For where two or three are gathered together in my name, there am I in the midst of them.
-
Matthew 18
Nineteenth Week of Ordinary Time: Aug. 10-16, 2008


On the Nineteenth Sunday in Ordinary Time, Elijah finds God not in the thunder and driving wind, but in a gentle breeze. Peter's fear gets the best of him, when Jesus calls him out of his boat in a stormy sea. Peter takes his eyes off of Jesus and would have perished without Jesus' rescuing him.

Monday is the Memorial of Saint Clare. Thursday is the Memorial of Saint Maximilian Mary Kolbe, priest and martyr. Friday is the Solemnity of the Assumption of the Blessed Virgin Mary, with its own special readings.

This week we begins a two week series of readings from the Prophet Ezekiel. He his vivid visions tell of the destruction of Israel to come and the salvation that will follow.

Matthew's Gospel offers us a number of familiar and powerful stories as we reflect upon God's mercy and our call to imitate God's love. Jesus predicts his passion and miraculously resolves a conflict over temple tax. It is not the temple tax for which he will be executed, but for what he reveals about God's love and mercy to sinners. Unless we are humble and trusting like children, we will not enter the Kingdom of Heaven. Jesus tells us the hard work we should go through to reconcile with a sinner. He says that whenever we are gathered together, in his name, he is with us. He tells us to forgive - over and over again - and tells the parable of the servant who is forgiven but won't forgive a fellow servant. Children were not regarded very highly and the disciples tried to bar them from bothering Jesus. Jesus welcomes them - and all the powerless they represent: "for the Kingdom of heaven belongs to such as these."

God's love belongs to all of us, according to the readings of the Twentieth Sunday in Ordinary Time. In Isaiah, God promises “my house shall be called a house of prayer for all peoples.” Paul, in his Letter to the Romans, tells us “the gifts and the call of God are irrevocable” and refers to himself as the “apostle to the Gentiles.” In Matthew's Gospel, Jesus hears the pleas of a “foreign” woman, a Canaanite who begs Jesus to heal her daughter.

 

 

Daily Prayer This Week

Finding intimacy with our Lord is not limited to people who can go away on a retreat. We can all be contemplatives in action, if only we can focus on our relationship with the Lord in the background, every day. This week we can feed on the words of life which Jesus gives us. And, we can ask for the graces we need, in the midst of our busy lives. With the celebration of the Assumption toward the end of the week, we can ask Mary to help us keep our consciousness on connecting our desires with the concrete details of our life this week.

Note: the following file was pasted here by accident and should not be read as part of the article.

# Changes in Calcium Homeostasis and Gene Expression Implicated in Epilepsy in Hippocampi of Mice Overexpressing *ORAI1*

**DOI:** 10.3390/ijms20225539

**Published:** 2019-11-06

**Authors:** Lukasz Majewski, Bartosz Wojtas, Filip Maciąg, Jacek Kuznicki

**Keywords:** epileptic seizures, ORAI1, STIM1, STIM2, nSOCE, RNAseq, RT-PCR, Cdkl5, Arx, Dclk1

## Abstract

Throughout this week, we can wake up and go through our morning routine asking for the grace that God's mercy might flow through us this day. One day, I might take notice of those in my life who need my forgiveness. I might pay attention to the one who frustrates me or has hurt me or has hurt those I love -- real people I know (living or dead) or the anonymous people who represent the systems, institutions and structures that seem unjust or sinful. There are people who benefit from war, the poverty or slavery of others, the sacrilege against the dignity of life itself, the drug trade and the destruction of the environment. I can actually take the grace-filled moments of brief intimacy with Jesus this week to forgive! This week of mercy can be a powerful blessing for our whole lives.

This can be a wonderful week for us to remember how many times we are called to forgive. And, we might want to take a few extra moments to reinforce this by re-reading the parable of the servant who has been forgiven himself but refuses to forgive. If we are really stuck in our struggle to forgive, we can find times to beg for the grace: "Dear Lord, you keep forgiving me, please let me experience the intimacy of forgiving as you have forgiven me. Give me the humility of a little child to remember how often I need to forgive others."

Throughout this week, we'll be embracing little children and other "little ones" because we will be delighting in being one with him and his being one with us. And, we'll give thanks and praise.